The ins and outs of California insurance law: The duty to defend
In California, insurance companies generally owe two very important duties to liability policyholders. First, insurance companies have an obligation to indemnify an insured policyholder in circumstances covered by his or her policy – which means insurance companies must pay legitimate insurance claims. And second, insurance companies owe a duty to defend an insured against third-party lawsuits based on covered risks.
For instance, if the insured is involved in a car accident and an injured third-party files suit claiming the insured was at fault, then the insurance company must defend the insured against these allegations. Interestingly, if an insurance company wrongfully refuses to defend an insured in California, the insurance company may ultimately face stiff consequences.
When California’s duty to defend exists
Generally, an insurance company will clearly have a duty to defend it’s insured in any action in which the complaint proffers a claim that is covered by the policy. When determining possible coverage, California courts will look to the plain language of the policy and the insured’s “reasonable expectation” of coverage. In California, all lingering doubts as to whether the circumstances create a duty to defend must be decided in favor of the insured.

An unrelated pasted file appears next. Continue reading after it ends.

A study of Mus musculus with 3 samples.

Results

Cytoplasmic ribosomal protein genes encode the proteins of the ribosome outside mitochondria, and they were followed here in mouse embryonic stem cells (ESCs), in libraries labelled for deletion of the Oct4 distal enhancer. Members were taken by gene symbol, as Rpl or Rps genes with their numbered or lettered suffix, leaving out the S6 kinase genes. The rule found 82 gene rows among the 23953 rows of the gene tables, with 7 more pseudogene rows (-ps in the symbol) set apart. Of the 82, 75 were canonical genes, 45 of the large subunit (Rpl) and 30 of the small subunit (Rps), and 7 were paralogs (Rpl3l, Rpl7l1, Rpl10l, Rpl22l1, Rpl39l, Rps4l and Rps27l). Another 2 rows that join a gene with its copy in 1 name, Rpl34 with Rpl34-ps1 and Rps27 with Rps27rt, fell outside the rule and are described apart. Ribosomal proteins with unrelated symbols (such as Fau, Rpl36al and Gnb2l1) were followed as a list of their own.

It is important to note that California case law has determined that it does not need to be shown that an action against an insured is actually covered by the policy for the insurance company’s duty to defend to exist – it is merely enough for the action to be “potentially” covered by the policy.
Risks for insurance companies that fail to defend
An insurance company that erroneously refuses to defend an insured may also experience several adverse consequences. For example, an insurance company will have no right to subsequently complain if the court awards a large judgment against the insured. Furthermore, an insurance company that elects not to defend an insured cannot challenge any of the matters adjudicated in court.
However, one of the biggest risks associated with an insurance company’s incorrect choice not to defend an insured is that it may be held liable for breach of contract. Specifically, if the insured can prove that his or her third-party lawsuit is, in fact, covered by the policy – and the insurance company fails to defend – it is considered a breach of contract in California.
In addition, an insurance company can also be found in violation of California’s implied covenant of good faith and fair dealing if it erroneously refuses to defend an insured against a third-party claim – so long as some additional element of “unreasonableness” on the part of the insurance company is proven. Ultimately, in California, it is left up to the insured to prove that the insurance company’s actions:
- Demonstrate a refusal or failure to discharge contractual obligations;
- Are not prompted by bad judgment, negligence or an honest mistake, but instead a “conscious and deliberate” act;
- Unfairly frustrate agreed-upon common purposes; and
- Disappoint the reasonable expectations of the insured, which in turn deprive the insured of the benefits of the policy
Obviously, the law surrounding an insurance company’s duty to defend is quite complex in California. Accordingly, if you are involved in a lawsuit in which your insurance company wrongfully refuses to provide you a defense, you may be entitled to damages. In instances such as these, it is often advisable to contact an experienced insurance claims attorney who can help with navigating California’s complicated laws and assist in protecting your rights.